ISO forms part of the exposure triangle. We'll be looking at the exposure triangle in a later tutorial. Where we put together ISO, Shutter Speed, and Aperture. In this tutorial, we will look at ISO as an individual element.

ISO actually stands for International Standards Organisation. A body that measures all sorts of things. It just so happens that photography has embraced those letters to acknowledge a camera's sensitivity to light.

So what exactly is sensitivity to light in photography? Back in the day when we were shooting film, we would load a film that was bound to a certain sensitivity, and we were stuck with that sensitivity until the roll of film was finished. Luckily, nowadays we can adjust the ISO for each photograph. We can move from bright daylight taking a picture of a still life project to shooting an indoor sport, and ISO doesn't give us the headache that it once did.

Photographic film was manufactured with grains of silver halide within the emulsion. The larger the grains, the more sensitive to light the film became. But the pay off was noise. 
We will learn about how this affects a photograph in the exposure triangle tutorial, so for the moment just accept the science.
An easier way to picture this may be - ISO 100 is represented by grains of sand, ISO 400 by grains of gravel, ISO 800 by small stones and ISO 1600 by pebbles. Get the idea? The bigger the grain, the more light catches it.

So why bother with this, why not have one ISO setting and just alter the shutter speed or change the camera's aperture?

The aim in all photographs (unless for artistic reasons) is to use the finest grain available so that the photograph is as noise free (it's never entirely noise free) as we can make it. In given light, if we were stuck to one low ISO and the available light wasn't that great, we would need to slow the shutter right down. On a tripod, this may be achievable, but doubtful if handheld. Have I mentioned that we would be putting all of this together in the tutorial on exposure triangle?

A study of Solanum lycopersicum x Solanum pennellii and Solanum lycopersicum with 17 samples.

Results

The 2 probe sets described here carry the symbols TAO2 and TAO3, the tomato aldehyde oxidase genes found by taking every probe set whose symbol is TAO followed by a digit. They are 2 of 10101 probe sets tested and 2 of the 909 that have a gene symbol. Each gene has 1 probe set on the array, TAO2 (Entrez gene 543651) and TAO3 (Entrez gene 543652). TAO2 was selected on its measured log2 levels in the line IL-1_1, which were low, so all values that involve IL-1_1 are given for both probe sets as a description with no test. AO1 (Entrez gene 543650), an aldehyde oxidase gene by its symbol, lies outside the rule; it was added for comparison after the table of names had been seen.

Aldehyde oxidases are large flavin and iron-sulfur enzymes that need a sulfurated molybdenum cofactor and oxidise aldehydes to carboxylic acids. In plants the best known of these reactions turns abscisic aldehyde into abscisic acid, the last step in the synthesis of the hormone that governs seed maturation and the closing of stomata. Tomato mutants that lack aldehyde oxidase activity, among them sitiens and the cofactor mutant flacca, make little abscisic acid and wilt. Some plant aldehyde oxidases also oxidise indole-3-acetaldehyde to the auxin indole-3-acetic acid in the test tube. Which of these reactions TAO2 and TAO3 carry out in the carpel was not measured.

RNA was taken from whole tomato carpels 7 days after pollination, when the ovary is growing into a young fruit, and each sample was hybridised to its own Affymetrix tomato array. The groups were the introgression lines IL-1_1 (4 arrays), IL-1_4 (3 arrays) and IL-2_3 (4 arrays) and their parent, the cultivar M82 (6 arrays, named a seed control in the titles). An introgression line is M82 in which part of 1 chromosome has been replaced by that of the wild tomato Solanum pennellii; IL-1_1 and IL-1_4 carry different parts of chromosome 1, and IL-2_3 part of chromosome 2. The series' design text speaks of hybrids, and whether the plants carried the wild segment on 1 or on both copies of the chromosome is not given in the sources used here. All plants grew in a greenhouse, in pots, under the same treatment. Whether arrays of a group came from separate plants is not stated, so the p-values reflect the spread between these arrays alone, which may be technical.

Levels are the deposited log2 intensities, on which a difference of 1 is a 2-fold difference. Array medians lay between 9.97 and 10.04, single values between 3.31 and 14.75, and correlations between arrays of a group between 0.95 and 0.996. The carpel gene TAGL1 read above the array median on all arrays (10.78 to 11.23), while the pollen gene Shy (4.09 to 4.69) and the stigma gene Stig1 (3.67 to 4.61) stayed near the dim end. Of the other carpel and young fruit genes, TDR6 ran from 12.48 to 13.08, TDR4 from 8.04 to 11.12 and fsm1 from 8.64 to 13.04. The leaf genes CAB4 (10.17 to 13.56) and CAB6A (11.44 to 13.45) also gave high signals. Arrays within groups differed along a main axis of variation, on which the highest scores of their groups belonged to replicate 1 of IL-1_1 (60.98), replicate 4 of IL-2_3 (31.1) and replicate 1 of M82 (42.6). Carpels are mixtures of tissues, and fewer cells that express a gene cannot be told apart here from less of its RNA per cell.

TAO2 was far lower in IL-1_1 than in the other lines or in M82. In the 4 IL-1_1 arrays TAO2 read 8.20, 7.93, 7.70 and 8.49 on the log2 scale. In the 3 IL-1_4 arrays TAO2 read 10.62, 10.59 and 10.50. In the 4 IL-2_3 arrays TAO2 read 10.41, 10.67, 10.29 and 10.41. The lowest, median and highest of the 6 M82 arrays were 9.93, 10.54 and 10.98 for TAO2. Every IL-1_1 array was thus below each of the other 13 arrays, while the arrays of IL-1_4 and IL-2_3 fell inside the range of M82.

Now you shouldn't worry about this. In my youth, the thought of shooting a photograph in ISO 3200 would have me breaking out in a cold sweat. The photograph would have more noise than a punk rock concert. Nowadays, cameras are so sophisticated, and technology so advanced, that it's not something that we should worry about too much. You will get an acceptable image. In fact, while I recommend that you learn about this, and practice it via the exposure triangle and the manual shooting tutorials, this is the one element that I would suggest it's ok to leave to the camera and leave in auto ISO mode. Only taking control where you feel it necessary.

An example of taking control - You are taking a landscape, and the camera is suggesting ISO 200. You could use ISO 100 by simply introducing a tripod and using a slower shutter speed. 

The other thing to watch out for, and this is just for your information, and only relevant when buying a camera or arguing the point in the pub. Not all readings are equal. Your camera could say ISO 400 for a given image, and it shows the same amount of noise that your friend took with their camera at say ISO 200. Could this be because one camera outperforms another or could it simply be one manufacturer mislabeling the ISO settings to make themselves look better? Just some food for thought. Just get to know your camera and remember that the best camera is the one that you have in your hand.